The best seed storage containers keep all your seeds organized and in one place. Plus they are easy to transport. You’ll never believe it, but the best seed storage containers are photo boxes! That’s right. Photo boxes.
Several years ago I started keeping my seeds in photo storage boxes, and have no plans to ever do anything different.
Using Photo Boxes for Seed Storage
All your seeds in one place.
Easy to alphabetize and organize.
Just grab the seeds you need, or the whole box.
Clear plastic allows you to easily take inventory.
Waterproof and easily washable.
If your seed packet is opened or seeds can get mixed or spilled.
Moisture could get trapped inside containers and cause mold or rotting.
Plastic can break if dropped or stepped on.
I have not had issues with any of my seeds being stored in this way. I often keep seed packets that are “expired” from the year before and have still had decent germination rates.
My large “suitcase” container did get a corner cracked when I dropped it, but I just used some packaging tape to make a repair, and it’s still going strong.
Setting Up The Storage Containers
You can purchase photo storage cases at many mainstream retailers or online. I found one with 16 slot that works perfectly for the seed planting that I typically do. If you needed more than one due to your seed usage or organization preferences, it easy to customize what you need to your style.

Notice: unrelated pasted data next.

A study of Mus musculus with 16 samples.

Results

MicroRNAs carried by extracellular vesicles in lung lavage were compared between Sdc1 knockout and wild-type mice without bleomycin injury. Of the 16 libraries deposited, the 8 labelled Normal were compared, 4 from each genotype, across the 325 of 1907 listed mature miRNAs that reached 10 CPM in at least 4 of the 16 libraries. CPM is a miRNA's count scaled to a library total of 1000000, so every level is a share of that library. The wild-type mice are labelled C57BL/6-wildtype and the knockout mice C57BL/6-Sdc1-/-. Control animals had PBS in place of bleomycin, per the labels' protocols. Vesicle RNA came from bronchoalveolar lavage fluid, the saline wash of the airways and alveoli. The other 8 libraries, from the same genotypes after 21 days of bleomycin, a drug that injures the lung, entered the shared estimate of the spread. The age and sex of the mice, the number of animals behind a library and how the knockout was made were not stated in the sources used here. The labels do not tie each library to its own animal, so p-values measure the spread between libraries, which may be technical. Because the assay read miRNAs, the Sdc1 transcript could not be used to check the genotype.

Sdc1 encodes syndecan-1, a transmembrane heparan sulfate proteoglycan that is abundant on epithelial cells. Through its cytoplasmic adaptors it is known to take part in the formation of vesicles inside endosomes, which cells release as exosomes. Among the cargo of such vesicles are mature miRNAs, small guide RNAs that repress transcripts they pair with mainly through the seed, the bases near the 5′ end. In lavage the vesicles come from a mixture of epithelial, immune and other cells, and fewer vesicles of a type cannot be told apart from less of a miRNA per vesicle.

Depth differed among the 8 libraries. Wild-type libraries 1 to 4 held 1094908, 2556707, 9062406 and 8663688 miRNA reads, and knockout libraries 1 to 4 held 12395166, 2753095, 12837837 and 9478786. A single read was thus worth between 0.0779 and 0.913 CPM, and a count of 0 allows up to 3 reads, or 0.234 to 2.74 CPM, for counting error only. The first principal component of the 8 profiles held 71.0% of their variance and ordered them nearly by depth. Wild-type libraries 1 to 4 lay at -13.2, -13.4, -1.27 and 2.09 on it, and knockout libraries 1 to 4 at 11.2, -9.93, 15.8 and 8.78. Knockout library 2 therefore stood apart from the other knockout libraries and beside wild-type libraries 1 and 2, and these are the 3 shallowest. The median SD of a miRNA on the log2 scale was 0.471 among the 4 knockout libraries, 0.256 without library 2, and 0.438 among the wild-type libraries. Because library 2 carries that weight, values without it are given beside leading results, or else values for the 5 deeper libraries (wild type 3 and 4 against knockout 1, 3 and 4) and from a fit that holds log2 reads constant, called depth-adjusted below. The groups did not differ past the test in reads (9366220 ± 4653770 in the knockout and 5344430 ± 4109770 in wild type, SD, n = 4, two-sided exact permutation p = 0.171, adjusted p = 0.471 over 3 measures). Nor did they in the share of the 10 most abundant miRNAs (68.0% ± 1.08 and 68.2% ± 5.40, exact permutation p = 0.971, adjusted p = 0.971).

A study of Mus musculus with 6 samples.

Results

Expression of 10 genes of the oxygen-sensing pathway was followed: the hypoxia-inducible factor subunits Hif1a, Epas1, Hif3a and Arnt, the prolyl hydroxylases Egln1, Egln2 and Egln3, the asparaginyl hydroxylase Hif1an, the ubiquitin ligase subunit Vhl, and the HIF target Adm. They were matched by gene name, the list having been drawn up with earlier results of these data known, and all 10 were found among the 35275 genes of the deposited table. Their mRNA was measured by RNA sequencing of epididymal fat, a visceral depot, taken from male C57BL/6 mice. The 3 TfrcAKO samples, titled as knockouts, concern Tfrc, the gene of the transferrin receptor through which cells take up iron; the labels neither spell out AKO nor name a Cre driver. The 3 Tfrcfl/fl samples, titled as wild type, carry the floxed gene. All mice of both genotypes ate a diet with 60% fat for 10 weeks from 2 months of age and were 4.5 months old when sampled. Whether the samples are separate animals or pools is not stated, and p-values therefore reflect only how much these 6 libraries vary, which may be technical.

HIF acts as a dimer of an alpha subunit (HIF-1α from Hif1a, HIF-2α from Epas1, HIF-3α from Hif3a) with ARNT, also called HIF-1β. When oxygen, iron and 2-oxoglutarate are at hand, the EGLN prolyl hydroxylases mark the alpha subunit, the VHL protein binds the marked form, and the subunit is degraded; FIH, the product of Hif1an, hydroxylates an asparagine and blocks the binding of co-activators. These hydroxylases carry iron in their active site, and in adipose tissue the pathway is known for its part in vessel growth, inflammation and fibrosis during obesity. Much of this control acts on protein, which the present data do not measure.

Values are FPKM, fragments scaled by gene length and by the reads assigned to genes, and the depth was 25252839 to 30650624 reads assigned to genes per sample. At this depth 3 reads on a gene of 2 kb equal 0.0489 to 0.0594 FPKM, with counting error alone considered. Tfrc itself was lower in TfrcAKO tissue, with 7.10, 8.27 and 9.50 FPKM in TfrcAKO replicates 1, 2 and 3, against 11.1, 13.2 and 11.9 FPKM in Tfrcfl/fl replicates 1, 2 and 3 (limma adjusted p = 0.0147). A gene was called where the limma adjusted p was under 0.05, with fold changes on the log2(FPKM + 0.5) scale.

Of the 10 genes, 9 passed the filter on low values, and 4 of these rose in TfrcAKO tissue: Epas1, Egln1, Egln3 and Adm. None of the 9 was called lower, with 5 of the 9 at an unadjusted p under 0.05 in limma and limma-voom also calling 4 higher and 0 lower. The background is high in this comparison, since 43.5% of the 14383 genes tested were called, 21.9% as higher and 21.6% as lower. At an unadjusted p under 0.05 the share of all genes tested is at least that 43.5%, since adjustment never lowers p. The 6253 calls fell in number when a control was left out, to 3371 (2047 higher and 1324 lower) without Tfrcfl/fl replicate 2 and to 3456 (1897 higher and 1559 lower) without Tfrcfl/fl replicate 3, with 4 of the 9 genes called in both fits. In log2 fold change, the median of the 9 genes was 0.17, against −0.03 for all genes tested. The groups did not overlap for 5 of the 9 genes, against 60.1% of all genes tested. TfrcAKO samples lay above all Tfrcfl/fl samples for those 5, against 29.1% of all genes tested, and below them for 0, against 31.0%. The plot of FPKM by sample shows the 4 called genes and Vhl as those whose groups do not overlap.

I used a permanent marker to write the names of each type of seed on the individual cases. Since I didn’t want to make one case for each seed packet, I grouped similar plant families together.
Below is how I have organized mine.
My Seed Storage Categories
Beans: green, bush, stringless,…
Herbs: parsley, basil, dill, lavender, rosemary, oregano,…
Flowers: sunflowers, snapdragons,…
Lettuce: lettuce, cabbage, spinach,…
Melons: watermelon, cantaloupe, honeydew,…
Peppers: bell, jalepeno, banana,…
Pumpkins: pie, jack-be-little, ornamental,…
Radishes: radish, turnip, parsnip,…
Summer Squash: zucchini, yellow zucchini, crookneck,…
Winter Squash: butternut, buttercup, acorn, ornamentals,…
Misc.: I have one extra that I use for all the seeds that don’t fit into a particular category. Extra storage containers are also useful for holding wooden sticks for labeling plants, permanent markers, and other necessities.
I keep the seed storage containers in our garage, along with a tote of random gardening supplies like potting soil, gloves, and small garden tools.